Few local leaders can claim the kind of triumphs over innovation that teachers’ union head Erick Huth boasts. His passionate defense of status quo ideology is, in fact, extraordinary, marked by recent successes in defeating such tested concepts as more charter schools and merit pay for teachers.
Captivated by his achievement vanquishing new ideas and the willingness of his constituents to follow a leader so adept at walking in place, The City Paper caught up with Huth, if only in our dreams, relishing the chance to tap a personality so distinguished by its absence of enterprise.
Can you share with us where your passion for counterrevolution began?
(Pauses to answer his early-model Nokia cell phone.) I remember being very young and hearing about this thing called Xerox. It was coming in to replace the Ditto machine, whose smell of wet ink made me simply intoxicated as a little boy. There was just nothing like paper with blue smudged type. I led the protest movement in our kindergarten to keep out the new technology, something the administrators claimed would make things more efficient.
I lost that fight, but I haven’t lost many since. You know, I still miss those Ditto copies. Maybe I’ll write an action plan for our union to bring them back. Teachers would benefit from that extra time away from their classrooms cranking copies and sniffing chemical solvents.
Was there a teacher in particular who affected you and the way you approach union activities and education policy?
(Starts and ends a conversational tangent bragging about his investments in GM and publicly traded newspaper companies.) I had a high school teacher who was lazy and didn’t give a damn about any of us. She was the exception, of course, and all the other teachers had to sort of cover for her and clean up her mess, but I thought it was interesting that she was able to get away with it.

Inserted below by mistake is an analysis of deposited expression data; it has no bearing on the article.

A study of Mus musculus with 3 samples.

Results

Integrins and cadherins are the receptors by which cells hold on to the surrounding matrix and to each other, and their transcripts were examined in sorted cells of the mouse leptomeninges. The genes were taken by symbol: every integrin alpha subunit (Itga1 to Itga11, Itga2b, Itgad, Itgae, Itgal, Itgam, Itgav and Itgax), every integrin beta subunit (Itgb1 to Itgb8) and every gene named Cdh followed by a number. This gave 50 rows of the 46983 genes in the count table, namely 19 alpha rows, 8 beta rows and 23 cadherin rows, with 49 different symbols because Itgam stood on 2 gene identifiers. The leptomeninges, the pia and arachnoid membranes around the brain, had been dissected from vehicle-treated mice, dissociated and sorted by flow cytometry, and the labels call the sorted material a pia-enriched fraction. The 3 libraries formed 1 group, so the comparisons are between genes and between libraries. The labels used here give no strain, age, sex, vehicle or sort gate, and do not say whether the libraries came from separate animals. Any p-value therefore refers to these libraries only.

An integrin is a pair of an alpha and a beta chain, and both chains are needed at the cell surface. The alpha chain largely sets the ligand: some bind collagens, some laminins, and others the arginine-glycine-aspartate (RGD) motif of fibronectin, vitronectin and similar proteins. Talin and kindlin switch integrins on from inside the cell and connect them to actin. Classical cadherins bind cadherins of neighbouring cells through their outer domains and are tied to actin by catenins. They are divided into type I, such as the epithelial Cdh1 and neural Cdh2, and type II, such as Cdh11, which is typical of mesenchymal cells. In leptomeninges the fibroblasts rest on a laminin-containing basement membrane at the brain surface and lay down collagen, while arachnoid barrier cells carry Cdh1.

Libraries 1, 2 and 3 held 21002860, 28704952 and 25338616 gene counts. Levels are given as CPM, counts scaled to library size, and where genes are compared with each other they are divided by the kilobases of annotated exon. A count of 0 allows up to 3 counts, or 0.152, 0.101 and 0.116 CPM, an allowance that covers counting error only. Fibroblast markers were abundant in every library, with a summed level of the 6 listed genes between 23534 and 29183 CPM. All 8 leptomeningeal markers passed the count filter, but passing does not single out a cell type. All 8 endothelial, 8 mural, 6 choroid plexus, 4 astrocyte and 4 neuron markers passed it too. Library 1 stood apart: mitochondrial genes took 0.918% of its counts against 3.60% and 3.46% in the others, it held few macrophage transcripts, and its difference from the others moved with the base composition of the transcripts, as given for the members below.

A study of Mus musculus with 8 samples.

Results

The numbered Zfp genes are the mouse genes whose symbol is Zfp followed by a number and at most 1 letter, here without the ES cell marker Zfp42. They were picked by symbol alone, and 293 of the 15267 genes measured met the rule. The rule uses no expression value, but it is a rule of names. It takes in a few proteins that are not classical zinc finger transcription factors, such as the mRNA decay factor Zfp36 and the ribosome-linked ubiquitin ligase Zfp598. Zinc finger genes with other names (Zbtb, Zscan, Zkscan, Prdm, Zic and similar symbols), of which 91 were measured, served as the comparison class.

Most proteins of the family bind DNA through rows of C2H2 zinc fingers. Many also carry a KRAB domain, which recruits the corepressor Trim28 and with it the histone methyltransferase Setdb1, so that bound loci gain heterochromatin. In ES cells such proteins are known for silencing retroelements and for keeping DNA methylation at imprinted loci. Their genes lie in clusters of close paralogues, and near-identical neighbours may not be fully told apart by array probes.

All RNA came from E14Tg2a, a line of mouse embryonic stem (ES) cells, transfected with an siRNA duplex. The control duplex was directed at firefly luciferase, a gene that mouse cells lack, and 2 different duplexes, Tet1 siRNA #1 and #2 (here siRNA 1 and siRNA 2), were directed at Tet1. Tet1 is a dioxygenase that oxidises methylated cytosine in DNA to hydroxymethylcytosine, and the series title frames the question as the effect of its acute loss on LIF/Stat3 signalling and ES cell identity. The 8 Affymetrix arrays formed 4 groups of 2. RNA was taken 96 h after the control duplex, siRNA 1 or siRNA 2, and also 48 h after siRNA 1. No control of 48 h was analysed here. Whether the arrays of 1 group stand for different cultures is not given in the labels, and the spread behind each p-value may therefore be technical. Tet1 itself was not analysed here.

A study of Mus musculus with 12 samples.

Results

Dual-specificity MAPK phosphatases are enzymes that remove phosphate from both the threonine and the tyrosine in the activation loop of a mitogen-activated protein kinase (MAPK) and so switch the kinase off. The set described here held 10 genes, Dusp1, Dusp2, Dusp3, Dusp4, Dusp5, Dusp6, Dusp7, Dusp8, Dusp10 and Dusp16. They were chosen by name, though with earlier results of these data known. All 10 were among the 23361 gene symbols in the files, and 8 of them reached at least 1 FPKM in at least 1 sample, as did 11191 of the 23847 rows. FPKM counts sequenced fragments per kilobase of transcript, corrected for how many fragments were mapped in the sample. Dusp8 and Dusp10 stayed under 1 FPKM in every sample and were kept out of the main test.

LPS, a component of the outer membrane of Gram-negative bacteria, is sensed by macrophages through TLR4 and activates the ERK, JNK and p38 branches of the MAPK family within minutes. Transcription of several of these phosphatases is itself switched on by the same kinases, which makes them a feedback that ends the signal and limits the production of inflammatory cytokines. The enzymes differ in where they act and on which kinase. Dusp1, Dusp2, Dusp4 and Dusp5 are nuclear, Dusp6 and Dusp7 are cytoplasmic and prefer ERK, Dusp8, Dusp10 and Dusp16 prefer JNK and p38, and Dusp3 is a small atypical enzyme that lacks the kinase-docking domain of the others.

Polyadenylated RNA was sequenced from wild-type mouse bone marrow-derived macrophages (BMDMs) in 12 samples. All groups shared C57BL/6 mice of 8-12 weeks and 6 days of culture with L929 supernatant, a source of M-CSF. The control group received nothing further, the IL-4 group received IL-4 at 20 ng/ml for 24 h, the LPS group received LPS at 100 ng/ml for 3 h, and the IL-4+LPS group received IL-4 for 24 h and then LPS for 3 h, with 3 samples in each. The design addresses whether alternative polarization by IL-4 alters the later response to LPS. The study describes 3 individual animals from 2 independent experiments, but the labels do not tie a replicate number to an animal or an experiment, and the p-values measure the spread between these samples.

So part of her legacy, at least in my life, is that I’m very circumspect about public policy — like merit, or performance, pay — that treats teachers as individuals and rewards them for their work. I try to represent the collective spirit, because even bad teachers need a place to go.
I’ve been pretty good at it so far. There was a donor a few years ago who wanted to give teachers and even janitorial staff $2 million as part of a pilot merit pay program at two Metro schools. We stopped that. Unfortunately, that issue has momentum again.
You told The City Paper recently that you opposed charter schools because they’re able to “cherry-pick” students and parents to achieve their results. But charter school students are overwhelmingly poor and black, and begin their charter school careers academically far behind. Can you explain what you mean?
(Turns down his favorite Spin Doctors CD and signs off his AOL account.) Charter school educators will tell you that some of their kids literally go home to their public housing apartments and find people shooting up in the living room. Many of them are children of single mothers, part of dysfunctional families, who get no intellectual stimulation early in life.
Things are bad at home for a number of these students. So their drive to succeed, that hustle to go to school and pull themselves up with the help of extraordinary teachers willing to work long hours, gives them more incentive than other students. It’s just not fair to the more fortunate kids. That’s what I mean by cherry-picking.
What ideas are you most enthusiastic about advocating? What motivates you in your professional life?
(Puts on his Members Only jacket) Bargaining. You know, contract negotiations.
Is that all?
Well, I also like to dicker for more teacher vacation days.
I’d like to figure out a way to get more teachers to join the Metro Nashville Education Association. Only about half are members of our union.
Why do you think that is?
I don’t know, but I’m going to start talking up the Ditto machine campaign. Maybe that will get them excited.